Absurdly Driven looks at the world of business with a skeptical eye and a firmly rooted tongue in cheek.
I'm in a miserable stupor.
The World Cup finished last Sunday and, as an act of arrant cruelty, Major League Baseball took time off for its best players to vacation in Washington D.C., have a few beers and discuss nasty tweets they sent when they were teenagers.
What am I supposed to do?
I'm bereft, forlorn, pained beyond measurements of magnitude.
People at Starbucks avoid standing anywhere near me. In restaurants, servers bring an extra napkin for me to cry into.
My wife looks upon me with a pity usually reserved for dogs tied up to parking meters, while their owners enjoy a glass of wine or four in a bar.
I feel a loss akin to at least five defeats suffered by my San Francisco Giants.
Finally, this morning I felt some relief. No, it's not because baseball's back tomorrow -- even if I'll have to bear the abject St. Louis Cardinals play the permanently suspect Chicago Cubs.
Instead, it's because large-brained scientists have declared that sports can really make you miserable.
Peter Dolton and George MacKerron at the University of Sussex in England researched human feelings around the outcomes of football matches.
That's saacker matches, to some of you.
What they discovered was that humans feel much more miserable after their teams lose than they feel happy when they win.
What a pungent metaphor for life itself.
The researchers used an app that pestered 32,000 people for their feelings. The strongest feelings -- one way or another -- came in the first hour after the game.
Worse, the elation after a win dissipated far more quickly than the misery after a loss.
Even worse, the feelings are more pronounced if you actually go to the game and bathe in every moment of the action.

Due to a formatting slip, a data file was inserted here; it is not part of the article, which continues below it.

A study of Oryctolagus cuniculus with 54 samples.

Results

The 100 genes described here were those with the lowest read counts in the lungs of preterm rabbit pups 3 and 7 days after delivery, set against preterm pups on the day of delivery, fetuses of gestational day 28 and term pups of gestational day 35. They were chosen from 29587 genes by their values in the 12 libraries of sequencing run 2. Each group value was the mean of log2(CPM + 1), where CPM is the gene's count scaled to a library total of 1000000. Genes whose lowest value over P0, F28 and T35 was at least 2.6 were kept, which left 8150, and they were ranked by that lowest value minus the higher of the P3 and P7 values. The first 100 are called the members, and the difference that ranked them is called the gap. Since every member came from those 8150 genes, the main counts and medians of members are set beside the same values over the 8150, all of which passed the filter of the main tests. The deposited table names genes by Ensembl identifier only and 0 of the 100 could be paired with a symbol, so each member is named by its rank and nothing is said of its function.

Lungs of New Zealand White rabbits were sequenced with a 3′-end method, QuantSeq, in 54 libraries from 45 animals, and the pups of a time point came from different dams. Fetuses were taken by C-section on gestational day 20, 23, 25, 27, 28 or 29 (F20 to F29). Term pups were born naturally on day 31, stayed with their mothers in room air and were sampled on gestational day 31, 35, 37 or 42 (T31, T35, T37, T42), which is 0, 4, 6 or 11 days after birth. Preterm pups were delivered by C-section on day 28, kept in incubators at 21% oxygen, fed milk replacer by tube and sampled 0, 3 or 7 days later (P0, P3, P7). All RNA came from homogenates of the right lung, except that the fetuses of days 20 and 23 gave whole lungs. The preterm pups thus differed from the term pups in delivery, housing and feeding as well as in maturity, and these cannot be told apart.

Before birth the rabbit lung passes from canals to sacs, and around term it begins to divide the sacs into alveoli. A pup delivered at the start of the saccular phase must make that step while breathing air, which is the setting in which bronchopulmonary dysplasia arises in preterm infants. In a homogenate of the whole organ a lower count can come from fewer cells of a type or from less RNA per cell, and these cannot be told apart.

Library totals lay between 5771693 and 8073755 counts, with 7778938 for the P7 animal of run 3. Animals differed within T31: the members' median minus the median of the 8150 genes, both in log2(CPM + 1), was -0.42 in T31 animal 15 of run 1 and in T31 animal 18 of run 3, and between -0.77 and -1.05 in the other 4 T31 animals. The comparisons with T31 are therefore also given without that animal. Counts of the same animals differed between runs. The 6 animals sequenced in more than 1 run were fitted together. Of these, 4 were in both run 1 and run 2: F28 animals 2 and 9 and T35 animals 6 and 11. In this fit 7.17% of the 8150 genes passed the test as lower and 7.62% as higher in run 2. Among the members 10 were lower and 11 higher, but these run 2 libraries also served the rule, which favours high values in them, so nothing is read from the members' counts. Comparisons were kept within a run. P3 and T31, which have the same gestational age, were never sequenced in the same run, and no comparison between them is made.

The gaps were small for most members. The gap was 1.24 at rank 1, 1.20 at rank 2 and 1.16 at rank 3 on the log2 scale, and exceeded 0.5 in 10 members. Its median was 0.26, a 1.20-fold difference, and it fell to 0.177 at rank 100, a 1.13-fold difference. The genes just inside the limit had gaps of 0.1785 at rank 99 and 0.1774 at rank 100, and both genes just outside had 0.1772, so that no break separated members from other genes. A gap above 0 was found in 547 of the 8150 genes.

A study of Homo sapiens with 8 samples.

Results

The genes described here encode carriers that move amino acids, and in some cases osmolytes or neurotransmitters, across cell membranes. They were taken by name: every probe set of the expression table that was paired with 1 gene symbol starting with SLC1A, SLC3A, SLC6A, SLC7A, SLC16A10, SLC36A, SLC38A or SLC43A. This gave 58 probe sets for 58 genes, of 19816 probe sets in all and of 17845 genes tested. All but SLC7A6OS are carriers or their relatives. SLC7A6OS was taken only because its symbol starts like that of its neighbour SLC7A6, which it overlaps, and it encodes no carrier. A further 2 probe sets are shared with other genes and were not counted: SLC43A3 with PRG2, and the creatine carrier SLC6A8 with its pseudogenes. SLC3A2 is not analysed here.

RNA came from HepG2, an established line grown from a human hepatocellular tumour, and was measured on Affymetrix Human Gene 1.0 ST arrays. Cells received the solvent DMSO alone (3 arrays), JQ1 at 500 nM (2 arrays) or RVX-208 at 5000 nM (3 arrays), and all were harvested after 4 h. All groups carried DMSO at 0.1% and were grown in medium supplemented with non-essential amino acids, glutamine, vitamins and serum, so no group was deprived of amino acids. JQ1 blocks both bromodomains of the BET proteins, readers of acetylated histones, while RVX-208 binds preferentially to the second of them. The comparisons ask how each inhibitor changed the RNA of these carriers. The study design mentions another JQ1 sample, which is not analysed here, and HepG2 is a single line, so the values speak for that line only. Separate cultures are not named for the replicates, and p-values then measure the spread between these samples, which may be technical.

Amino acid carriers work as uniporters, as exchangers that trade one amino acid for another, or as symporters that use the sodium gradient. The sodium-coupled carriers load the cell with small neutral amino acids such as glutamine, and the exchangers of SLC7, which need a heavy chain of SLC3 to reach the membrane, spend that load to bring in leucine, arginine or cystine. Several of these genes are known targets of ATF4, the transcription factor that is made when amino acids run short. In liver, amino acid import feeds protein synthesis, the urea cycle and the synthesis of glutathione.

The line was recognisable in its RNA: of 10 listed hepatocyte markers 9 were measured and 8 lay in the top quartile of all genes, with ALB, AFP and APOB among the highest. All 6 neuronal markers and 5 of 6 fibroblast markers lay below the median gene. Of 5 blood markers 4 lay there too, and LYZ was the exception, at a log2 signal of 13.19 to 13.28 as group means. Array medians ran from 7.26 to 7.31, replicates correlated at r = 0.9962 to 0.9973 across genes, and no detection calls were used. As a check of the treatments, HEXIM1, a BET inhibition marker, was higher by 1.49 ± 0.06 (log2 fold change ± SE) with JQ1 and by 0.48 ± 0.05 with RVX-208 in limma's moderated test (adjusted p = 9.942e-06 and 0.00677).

I'm concerned, however, that the research concluded that humans are stupid.
"Fans systematically over-estimate the probability of their team winning and never revise and learn from experience," the researchers say.
This doesn't correspond to my own feelings. I rarely go to a game, or watch one on TV, where I'm convinced my team will win.
This despite my Giants winning the World Series three times this decade.
It seems, though, that many fans go to games with the sincere belief that their team will win.
Even if they're Cleveland Browns fans. Or, I suppose Cleveland Cavaliers fans during the NBA Finals. (Disclosure: Also a Golden State Warriors fan.)
"It would appear from our results that football fans are irrational," say the researchers, with faces straighter than they perhaps should be.
Dolton and MacKerron confess that their research doesn't take account of elements within the game that might spike happiness or misery.
It doesn't take account of the positive feelings engendered by being with your fellow fans -- the singing, the banter, the shared joy and pain, the occasional tinctures of relief.
But I'll leave you with one of their sentences, so that you can decide how much you can take for the rest of this year:
The negative consequences of losing on happiness are around 4 times higher than the positive consequences of winning.
I wonder if it's the same with winning in business.
I doubt it. Business is far less fun and far, far less important.